Let 2017 forever be known as the year of the big weddin’. After fighting with his governing board and a bunch of investors who were interested in telling it who to marry, Whole Foods CEO John Mackey found a mate online in the form of mega-retailer Amazon. It was one of those deals in which a virtual business picks up a legacy brick-and-mortar concern much like the purchase of Newsweek by the Huffington Post, with the big difference being that people still buy groceries. The palpable concern that Amazon would go on the march and wreck all supermarkets was reflected in the share price reductions of most of the major chains – but a few months after the deal, we’ve seen a bounce-back from Walmart and from Kroger, with the former showing significant e-tailing power of its own through its Jet subsidiary, and the latter proving it could take it to Whole Foods on the discovery level with a new emphasis on local, up-and-coming brands.
As Fall descended, Coke struck at the last minute, picking up high-potential Mexican sparkling water brand Topo Chico and tucking it into the VEB portfolio. The product is on trend and has deep regional ties that transcend its ethnic resonance, and immediately shored up what has been an unsuccessful multi-front war on the indefatigable LaCroix. But there’s lots of heavy lifting for the Coke system yet to come if it wants to fully exploit its new pickup. Similarly, Anheuser Busch InBev crossed into the non-alcoholic space with the purchase of entrepreneurial stalwart HiBall, a sparkling platform that would seem to carry a lot of opportunity to take the next step in the AB system – if it’s given the right guidance and opportunity against all of the other new additions within the AB portfolio as well as its existing core brands. AB has tried to sell energy with Monster – a much better known brand – in the past; with HiBall, reps are going to have to work to introduce retailers to the product. If they do, they’ll likely find a lot of opportunity. If not, it could fast go the way of Eagle Snacks. Another large strategic deal found Nestle acquiring Blue Bottle coffee for more than $500 million. The company straddles on-premise and CPG – certainly an evolving business type that is working for Juice Served Here and Starbuck’s alike – but has a big consumer education gap to overcome. In a smaller acquisition, Dean Foods paid $22 million to pick up Uncle Matt’s Organic, giving it a line of organic juices and probiotic waters.
The year brought lots of venture capital to small businesses, particularly those playing in the plant protein space. Koia, OWYN, Soylent and Iconic each pulled in cash to grow behind pea- and other vegetable-based protein meal replacement or athletic recovery products. Kombucha brands also reaped significant growth capital as funds hurried to back companies like Revive and Humm, which have proven themselves capable of lasting despite the growth of GT’s and KeVita before them. With Health Ade in the First Beverage/CAVU camp, only Brew Dr. remains a top brand that’s free of VC backing. Funds also continued to invest in hot spaces like Cold Brew Coffee – BIGR showered $17 million on High Brew while JAB invested in cold brew shot line Forto. Crossing between both categories, Bulletproof pulled in $19 million in investment from CAVU as well. On the lifestyle/functional brand side, both LifeAid and Kill Cliff brought in money to continue to fuel their high-intensity workout platforms. Meanwhile, sparkling water brand Spindrift pulled in another $10 million to build a high-end alternative to LaCroix and Sparkling Ice.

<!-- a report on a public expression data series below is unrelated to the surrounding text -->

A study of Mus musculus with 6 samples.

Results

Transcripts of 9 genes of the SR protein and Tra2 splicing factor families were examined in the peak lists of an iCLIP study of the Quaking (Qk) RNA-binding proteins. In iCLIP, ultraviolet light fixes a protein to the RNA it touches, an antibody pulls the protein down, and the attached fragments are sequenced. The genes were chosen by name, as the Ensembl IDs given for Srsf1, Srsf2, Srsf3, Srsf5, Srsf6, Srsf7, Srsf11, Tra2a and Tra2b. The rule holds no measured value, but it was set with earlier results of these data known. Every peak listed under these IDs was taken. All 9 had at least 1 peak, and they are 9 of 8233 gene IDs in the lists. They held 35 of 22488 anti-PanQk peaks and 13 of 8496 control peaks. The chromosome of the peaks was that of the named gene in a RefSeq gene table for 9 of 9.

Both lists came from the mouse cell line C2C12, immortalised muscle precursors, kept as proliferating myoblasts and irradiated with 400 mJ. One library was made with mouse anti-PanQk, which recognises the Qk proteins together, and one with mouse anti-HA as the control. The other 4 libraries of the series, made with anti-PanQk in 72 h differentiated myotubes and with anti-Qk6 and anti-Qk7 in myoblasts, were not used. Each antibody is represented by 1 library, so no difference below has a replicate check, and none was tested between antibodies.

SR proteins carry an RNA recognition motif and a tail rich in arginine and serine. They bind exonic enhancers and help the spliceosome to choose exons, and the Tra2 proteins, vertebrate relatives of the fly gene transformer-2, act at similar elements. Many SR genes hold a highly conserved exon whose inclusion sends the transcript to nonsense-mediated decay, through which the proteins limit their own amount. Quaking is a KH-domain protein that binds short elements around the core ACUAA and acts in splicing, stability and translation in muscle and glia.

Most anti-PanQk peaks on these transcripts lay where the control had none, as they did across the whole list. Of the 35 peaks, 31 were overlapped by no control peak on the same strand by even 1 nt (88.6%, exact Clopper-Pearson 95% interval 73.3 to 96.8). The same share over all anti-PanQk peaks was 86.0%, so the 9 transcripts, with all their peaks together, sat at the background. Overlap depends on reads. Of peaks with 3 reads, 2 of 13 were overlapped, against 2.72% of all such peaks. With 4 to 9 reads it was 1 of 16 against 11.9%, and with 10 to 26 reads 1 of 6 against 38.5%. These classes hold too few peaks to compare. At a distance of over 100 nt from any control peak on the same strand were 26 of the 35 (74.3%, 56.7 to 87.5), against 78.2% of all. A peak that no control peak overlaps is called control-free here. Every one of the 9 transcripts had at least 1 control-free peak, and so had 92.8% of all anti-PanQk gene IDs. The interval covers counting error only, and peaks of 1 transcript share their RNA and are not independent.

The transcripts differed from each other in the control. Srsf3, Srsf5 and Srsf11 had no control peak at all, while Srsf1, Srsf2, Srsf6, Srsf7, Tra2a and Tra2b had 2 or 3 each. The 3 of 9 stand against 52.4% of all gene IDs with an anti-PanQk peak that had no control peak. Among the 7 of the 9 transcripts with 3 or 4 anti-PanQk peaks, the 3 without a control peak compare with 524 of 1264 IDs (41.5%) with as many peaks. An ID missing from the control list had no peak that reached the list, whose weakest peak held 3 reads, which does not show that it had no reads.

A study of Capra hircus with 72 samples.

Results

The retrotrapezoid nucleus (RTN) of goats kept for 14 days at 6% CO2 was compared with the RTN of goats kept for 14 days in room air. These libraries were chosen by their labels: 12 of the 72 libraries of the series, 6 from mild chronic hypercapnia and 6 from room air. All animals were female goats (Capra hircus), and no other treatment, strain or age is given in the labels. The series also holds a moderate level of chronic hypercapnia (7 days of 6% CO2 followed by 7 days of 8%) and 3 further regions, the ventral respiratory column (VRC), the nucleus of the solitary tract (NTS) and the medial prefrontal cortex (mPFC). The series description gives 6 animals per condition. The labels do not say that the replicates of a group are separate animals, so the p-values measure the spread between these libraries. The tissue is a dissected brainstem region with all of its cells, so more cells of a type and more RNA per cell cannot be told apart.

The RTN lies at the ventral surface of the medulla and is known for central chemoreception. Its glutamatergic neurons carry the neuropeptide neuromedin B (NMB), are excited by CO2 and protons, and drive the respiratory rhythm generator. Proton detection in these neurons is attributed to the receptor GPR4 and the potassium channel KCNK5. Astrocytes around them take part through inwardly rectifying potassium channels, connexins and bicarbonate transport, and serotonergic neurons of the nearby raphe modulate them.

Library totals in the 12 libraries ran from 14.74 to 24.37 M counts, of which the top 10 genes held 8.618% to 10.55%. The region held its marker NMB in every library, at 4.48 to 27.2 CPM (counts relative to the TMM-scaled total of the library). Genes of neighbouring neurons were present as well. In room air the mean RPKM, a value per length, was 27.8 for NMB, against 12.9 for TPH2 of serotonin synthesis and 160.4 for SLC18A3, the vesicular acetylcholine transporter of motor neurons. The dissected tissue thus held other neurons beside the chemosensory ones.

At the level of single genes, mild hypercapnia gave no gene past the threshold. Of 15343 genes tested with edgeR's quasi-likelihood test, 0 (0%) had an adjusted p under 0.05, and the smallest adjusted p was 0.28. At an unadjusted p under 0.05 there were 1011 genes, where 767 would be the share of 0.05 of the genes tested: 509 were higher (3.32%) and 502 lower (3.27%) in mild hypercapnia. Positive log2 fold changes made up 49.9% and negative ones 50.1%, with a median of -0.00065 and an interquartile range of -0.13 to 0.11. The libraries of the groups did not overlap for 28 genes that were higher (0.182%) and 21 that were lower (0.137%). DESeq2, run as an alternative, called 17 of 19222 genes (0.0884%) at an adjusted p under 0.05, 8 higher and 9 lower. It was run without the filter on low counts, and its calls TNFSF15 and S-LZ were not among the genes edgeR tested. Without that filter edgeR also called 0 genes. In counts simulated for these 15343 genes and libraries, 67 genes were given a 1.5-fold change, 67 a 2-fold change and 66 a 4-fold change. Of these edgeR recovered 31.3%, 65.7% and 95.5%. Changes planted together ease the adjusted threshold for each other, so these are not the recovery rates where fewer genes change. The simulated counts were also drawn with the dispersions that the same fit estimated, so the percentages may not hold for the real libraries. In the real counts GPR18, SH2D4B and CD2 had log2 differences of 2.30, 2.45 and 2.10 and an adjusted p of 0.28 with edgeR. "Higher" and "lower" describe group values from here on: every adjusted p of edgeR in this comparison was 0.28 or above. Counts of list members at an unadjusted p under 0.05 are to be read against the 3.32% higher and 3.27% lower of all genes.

There were some less-than-stellar returns that forced changes at some beverage companies. Chris Reed, the iconoclastic CEO and founder of Reed’s Ginger Brew, lost his leadership role at the brand, eventually replaced by CPG veteran Val Stalowir. With John Bello as the board chair at the publicly-traded company, expect fast changes. Later on in the year, high-tech play Juicero ran into a public relations nightmare that eventually caused the company to shut its doors. A few months after selling Bai to DPSG, founder and CEO Ben Weiss was forced out, while the force behind PepsiCo’s acquisition of KeVita, Naked Emerging Brands EVP Chris Lansing, also departed the company soon after the deal closed.
We’re not going to reveal our Best of 2017 winners here, but readers already know where the heat is – it’s in RTD coffee, which has become the fastest-growing category and is expected to continue to grow up to 67 percent over the next five years, with cold brew growing even more substantially off a smaller base and brands like Califia, Chameleon, and La Colombe becoming sources of inspiration for entrepreneurs. Meanwhile, sparkling water brands continue to advance, with big gains coming not just from LaCroix, but also longtime warrior brands like Polar and Perrier. It’s a change that has pushed even the venerable Nestle Waters North America to reach out to smaller distributors in the hopes that a carbonated set of its regional water brands can snatch share – or at least ride the wave. And beyond the bubble, high-end premium water brands are also performing well: Essentia crossed the $100 million revenue mark, while CORE isn’t far behind; Voss has leveled off at retail but just signed a significant deal for on-premise sales with PepsiCo. Kombucha is also still sparkling – with Humm and Health Ade starting to track in conventional channels alongside GTs and Kevita.